Just a quick note to clarify one of the arguments I made in passing in my initial review of Michael Moore’s latest film, Capitalism: A Love Story. In the review, I suggested that Moore was, in part, reflecting on the ability of advocacy documentary to help instigate social change, a concern that comes up explicitly at the end of the film when Moore observes that he has been making documentaries for two decades and that little seems to have changed. He then places responsibility for further change in the audience, asserting that it is “up to you” to act for a more democratic society. Although I argued that Moore leaves that version of radical democracy undefined, this final sequence seems to be consistent with Moore’s broader attempts to shape the reception of his film.
In some of my recent research, I’ve been working through the concept of the “networked documentary” (although I think “transmedia documentary” may be a better term), and it’s important to contextualize Capitalism within Moore’s larger promotional practices, including an open letter sent to subscribers and posted on his website characterizing the film as “the #1 or #2 top-grossing movie there for the evening,” and imploring readers to attend the film on its opening weekend to send a message to CEOs and others. Moore goes on to suggest that the box office for Capitalism is essentially a “referendum” on the film’s economic critique. It’s tempting to read Moore’s letter as a transparent attempt to drive up box office and to line his pockets with more money, but as Rachel T observes on Twitter, a more generous reading might be that Moore is trying to “measure audience activism,” and that box office is one way (though not the only way) of doing so.
The letter also invites fans to submit cellphone pictures and video of crowds attending the film, at least in part as an attempt to represent the reception of the film (and its potential for inspiring activism). Significantly, Moore has expressed disillusionment about the documentary format in interviews. In an AP interview Moore comments that he may stop making documentaries because their social impact isn’t clear:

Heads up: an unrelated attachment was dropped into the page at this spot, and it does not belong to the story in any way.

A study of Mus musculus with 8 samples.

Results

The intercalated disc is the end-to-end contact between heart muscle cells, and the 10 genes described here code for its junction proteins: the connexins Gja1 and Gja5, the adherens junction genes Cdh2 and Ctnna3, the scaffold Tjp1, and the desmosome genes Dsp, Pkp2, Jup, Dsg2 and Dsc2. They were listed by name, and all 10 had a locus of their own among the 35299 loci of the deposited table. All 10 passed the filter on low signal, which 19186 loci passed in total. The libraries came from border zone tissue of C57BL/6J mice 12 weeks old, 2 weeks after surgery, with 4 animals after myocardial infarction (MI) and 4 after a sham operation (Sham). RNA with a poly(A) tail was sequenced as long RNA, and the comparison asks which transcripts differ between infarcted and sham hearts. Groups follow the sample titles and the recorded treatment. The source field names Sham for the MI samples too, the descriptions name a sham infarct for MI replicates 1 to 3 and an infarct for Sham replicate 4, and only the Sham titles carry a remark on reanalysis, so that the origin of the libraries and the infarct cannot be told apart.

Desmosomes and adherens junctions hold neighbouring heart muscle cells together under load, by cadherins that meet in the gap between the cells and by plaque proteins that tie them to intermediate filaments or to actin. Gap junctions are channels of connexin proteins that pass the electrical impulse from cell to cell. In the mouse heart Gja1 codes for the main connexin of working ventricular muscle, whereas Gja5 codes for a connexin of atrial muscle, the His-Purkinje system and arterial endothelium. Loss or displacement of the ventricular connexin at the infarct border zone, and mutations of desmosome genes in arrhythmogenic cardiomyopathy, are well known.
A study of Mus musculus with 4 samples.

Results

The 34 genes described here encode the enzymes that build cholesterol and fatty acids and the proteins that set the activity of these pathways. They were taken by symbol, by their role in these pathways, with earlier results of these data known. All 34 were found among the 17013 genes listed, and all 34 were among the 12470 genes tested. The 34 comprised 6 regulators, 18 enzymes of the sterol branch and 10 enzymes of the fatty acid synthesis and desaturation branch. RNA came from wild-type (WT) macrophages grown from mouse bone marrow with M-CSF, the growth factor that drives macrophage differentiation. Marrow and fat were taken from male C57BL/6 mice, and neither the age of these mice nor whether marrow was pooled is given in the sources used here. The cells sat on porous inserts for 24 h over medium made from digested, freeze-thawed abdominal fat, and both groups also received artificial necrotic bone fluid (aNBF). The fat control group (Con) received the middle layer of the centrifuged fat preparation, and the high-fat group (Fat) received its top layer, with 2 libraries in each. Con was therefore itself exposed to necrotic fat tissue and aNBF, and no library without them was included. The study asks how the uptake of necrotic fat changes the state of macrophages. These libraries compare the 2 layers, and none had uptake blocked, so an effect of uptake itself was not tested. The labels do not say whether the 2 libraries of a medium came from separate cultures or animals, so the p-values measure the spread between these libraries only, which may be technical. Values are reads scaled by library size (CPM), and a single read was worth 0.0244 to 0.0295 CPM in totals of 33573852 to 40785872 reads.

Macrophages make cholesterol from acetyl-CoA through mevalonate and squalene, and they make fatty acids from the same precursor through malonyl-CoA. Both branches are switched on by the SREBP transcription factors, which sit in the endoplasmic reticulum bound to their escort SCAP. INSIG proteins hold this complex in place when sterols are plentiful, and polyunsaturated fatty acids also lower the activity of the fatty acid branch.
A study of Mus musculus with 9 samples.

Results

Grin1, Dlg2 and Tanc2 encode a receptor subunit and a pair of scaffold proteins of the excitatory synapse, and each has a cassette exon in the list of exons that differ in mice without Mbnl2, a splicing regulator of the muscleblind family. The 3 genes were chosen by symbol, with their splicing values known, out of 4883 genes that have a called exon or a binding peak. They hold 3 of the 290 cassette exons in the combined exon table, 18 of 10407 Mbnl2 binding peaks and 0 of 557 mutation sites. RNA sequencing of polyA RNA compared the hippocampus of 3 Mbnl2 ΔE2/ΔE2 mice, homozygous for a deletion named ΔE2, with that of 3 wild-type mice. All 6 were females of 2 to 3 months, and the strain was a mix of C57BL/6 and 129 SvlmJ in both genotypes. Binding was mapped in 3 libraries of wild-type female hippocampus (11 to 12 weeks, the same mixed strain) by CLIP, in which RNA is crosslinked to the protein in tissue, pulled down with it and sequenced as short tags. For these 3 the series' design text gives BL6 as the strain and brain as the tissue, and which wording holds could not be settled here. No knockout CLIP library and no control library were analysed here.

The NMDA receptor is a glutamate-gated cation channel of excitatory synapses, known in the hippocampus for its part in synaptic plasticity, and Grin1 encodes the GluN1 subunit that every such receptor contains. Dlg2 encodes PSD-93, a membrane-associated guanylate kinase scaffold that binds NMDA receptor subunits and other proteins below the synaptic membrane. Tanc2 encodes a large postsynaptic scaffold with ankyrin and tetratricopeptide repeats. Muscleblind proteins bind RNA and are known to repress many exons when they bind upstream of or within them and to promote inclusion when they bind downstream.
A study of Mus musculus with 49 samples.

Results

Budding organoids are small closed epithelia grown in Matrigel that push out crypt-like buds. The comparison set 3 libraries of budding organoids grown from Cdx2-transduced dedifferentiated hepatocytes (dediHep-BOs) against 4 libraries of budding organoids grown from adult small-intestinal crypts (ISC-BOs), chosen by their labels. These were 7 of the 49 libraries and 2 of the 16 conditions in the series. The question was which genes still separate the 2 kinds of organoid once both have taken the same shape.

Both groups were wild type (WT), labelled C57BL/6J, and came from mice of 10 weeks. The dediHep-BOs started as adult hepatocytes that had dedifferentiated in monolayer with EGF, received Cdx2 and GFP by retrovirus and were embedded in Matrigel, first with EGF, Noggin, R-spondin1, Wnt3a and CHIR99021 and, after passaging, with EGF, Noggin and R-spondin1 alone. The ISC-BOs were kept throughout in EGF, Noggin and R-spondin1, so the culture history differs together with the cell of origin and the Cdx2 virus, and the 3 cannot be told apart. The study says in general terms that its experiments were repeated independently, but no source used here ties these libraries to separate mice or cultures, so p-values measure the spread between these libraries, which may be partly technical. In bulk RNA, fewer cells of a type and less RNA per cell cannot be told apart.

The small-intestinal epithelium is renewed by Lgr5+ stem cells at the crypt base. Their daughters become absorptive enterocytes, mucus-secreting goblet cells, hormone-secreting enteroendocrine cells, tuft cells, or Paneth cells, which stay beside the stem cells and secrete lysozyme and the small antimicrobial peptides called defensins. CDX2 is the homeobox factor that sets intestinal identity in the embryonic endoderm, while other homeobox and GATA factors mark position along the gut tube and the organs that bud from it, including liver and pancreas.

I’ve done this for 20 years…I started out by warning people about General Motors, and my whole career has been trying to say the emperor has no clothes here, and we better do something about it…Two years ago, I tried to get the health care debate going, and it did eventually, and now where are we? We may not even have it. What am I supposed to do at a certain point?
In a sense, I’m still not fully convinced that Moore takes us past the diagnosis of the problem of capitalism’s harmful effects, so it’s not clear how Moore will be able to measure the kind of change that he is promoting, and in fact, popular desire for change may, in fact, be channeled back into the system when that change isn’t clearly defined. No matter what, I think it’s important to read Capitalism not merely as an isolated text but as a transmedia event, one that is seeking to theorize and mobilize audience activism.